Chapter 48. Development of Mechanistic Model for Blackglas™ Pyrolysis: Comparison of Theory and Experiment

  1. J. P. Singh
  1. W. N. Gill1,
  2. A. Kulkarni1,
  3. F. Wang1,
  4. Y. W. Lee1,
  5. J. Madsen2,
  6. A. Tobin2 and
  7. T. Donnellan2

Published Online: 26 MAR 2008

DOI: 10.1002/9780470294444.ch48

Proceedings of the 21st Annual Conference on Composites, Advanced Ceramics, Materials, and Structures - B: Ceramic Engineering and Science Proceedings, Volume 18, Issue 4

Proceedings of the 21st Annual Conference on Composites, Advanced Ceramics, Materials, and Structures - B: Ceramic Engineering and Science Proceedings, Volume 18, Issue 4

How to Cite

Gill, W. N., Kulkarni, A., Wang, F., Lee, Y. W., Madsen, J., Tobin, A. and Donnellan, T. (1997) Development of Mechanistic Model for Blackglas™ Pyrolysis: Comparison of Theory and Experiment, in Proceedings of the 21st Annual Conference on Composites, Advanced Ceramics, Materials, and Structures - B: Ceramic Engineering and Science Proceedings, Volume 18, Issue 4 (ed J. P. Singh), John Wiley & Sons, Inc., Hoboken, NJ, USA. doi: 10.1002/9780470294444.ch48

Author Information

  1. 1

    Rensselaer Polytechnic Institute, Troy, NY 12180

  2. 2

    ATDC, Northrop Grumman, Bethpage, NY 11714

Publication History

  1. Published Online: 26 MAR 2008
  2. Published Print: 1 JAN 1997

ISBN Information

Print ISBN: 9780470375532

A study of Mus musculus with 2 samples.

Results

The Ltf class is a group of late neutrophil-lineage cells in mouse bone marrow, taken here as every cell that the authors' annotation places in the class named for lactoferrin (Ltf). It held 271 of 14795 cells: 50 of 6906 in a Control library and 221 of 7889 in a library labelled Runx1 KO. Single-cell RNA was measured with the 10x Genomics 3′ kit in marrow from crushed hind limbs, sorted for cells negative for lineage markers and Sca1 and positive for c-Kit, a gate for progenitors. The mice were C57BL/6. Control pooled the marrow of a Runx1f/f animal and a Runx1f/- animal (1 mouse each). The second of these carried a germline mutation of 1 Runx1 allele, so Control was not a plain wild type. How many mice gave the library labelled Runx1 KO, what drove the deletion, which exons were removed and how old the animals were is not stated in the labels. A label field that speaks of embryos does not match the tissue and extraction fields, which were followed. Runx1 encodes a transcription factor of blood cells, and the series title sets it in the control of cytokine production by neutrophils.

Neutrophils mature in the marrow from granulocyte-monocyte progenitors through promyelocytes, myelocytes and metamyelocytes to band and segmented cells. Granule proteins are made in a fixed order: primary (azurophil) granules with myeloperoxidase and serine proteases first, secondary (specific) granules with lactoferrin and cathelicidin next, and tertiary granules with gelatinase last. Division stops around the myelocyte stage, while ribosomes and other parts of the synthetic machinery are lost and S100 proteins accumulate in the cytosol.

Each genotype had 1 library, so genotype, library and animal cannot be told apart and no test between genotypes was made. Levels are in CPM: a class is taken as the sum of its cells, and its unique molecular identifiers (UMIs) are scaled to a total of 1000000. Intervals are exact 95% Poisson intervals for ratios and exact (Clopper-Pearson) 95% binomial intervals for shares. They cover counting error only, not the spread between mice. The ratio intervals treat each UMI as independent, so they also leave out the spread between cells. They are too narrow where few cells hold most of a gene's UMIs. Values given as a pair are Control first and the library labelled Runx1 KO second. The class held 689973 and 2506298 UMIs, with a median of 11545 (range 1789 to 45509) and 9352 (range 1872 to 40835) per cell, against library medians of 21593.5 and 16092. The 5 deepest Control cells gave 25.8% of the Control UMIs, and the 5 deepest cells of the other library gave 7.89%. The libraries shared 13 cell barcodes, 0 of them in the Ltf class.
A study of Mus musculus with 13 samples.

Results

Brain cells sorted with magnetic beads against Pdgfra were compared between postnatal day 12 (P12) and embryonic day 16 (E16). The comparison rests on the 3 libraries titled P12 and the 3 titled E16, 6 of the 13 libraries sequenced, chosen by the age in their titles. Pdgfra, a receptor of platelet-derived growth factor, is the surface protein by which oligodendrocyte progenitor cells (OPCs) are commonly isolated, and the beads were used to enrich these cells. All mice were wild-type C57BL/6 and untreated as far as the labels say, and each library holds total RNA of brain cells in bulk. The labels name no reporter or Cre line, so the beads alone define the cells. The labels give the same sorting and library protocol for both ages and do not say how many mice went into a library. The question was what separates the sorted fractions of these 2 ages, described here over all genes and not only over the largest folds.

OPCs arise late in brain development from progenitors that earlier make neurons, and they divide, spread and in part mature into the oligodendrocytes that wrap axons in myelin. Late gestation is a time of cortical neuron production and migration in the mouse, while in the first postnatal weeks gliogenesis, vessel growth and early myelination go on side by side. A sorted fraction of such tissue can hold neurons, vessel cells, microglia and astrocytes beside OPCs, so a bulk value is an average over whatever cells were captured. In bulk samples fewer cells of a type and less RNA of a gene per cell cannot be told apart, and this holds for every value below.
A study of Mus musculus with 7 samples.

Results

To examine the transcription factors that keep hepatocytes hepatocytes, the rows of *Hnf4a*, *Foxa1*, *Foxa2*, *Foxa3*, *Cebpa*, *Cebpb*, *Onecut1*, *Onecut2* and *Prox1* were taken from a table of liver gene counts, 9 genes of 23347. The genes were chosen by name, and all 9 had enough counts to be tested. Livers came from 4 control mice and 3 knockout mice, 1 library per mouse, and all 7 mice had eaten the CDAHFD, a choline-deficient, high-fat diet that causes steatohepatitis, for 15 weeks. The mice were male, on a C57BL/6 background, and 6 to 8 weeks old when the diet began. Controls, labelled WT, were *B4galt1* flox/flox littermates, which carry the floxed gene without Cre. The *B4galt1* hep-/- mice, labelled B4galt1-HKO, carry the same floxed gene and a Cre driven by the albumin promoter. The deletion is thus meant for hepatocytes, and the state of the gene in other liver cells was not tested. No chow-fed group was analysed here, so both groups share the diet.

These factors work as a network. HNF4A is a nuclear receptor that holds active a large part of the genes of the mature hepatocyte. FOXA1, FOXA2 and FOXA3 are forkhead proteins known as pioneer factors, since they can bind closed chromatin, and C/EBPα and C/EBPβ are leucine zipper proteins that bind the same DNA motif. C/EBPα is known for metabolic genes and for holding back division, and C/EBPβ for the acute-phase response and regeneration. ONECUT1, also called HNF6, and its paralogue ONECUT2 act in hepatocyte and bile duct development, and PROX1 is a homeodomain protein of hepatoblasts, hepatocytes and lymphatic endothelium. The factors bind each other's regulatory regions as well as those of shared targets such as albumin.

Online ISBN: 9780470294444


  • transformation;
  • hydrocarbon;
  • thermal properties;
  • redistribution;
  • pyrolysis

Summary

The development of a mechanistic model for the transformation of Blackglas™ polymer to a silicon carboxide glass during pyrolysis was based on the known chemistry and architecture of the polysiloxane precursors. The pyrolysis process and resulting mass loss is due to the occurrence of multiple chemical reactions that lead to the evolution of hydrocarbon gases such as methane, ethane and hydrogen. The kinetic parameters used to fit the model were estimated from literature values on bond energies and chemical kinetics, and results were compared with TGA/RGA experiments obtained on pyrolyzed Blackglas™ composites. The effects of heating rate, temperature and curing cycle on outgassing kinetics will be explained in terms of the chemistry of decomposition of the polymer, heat transfer, specimen geometry and thermal properties of the composite.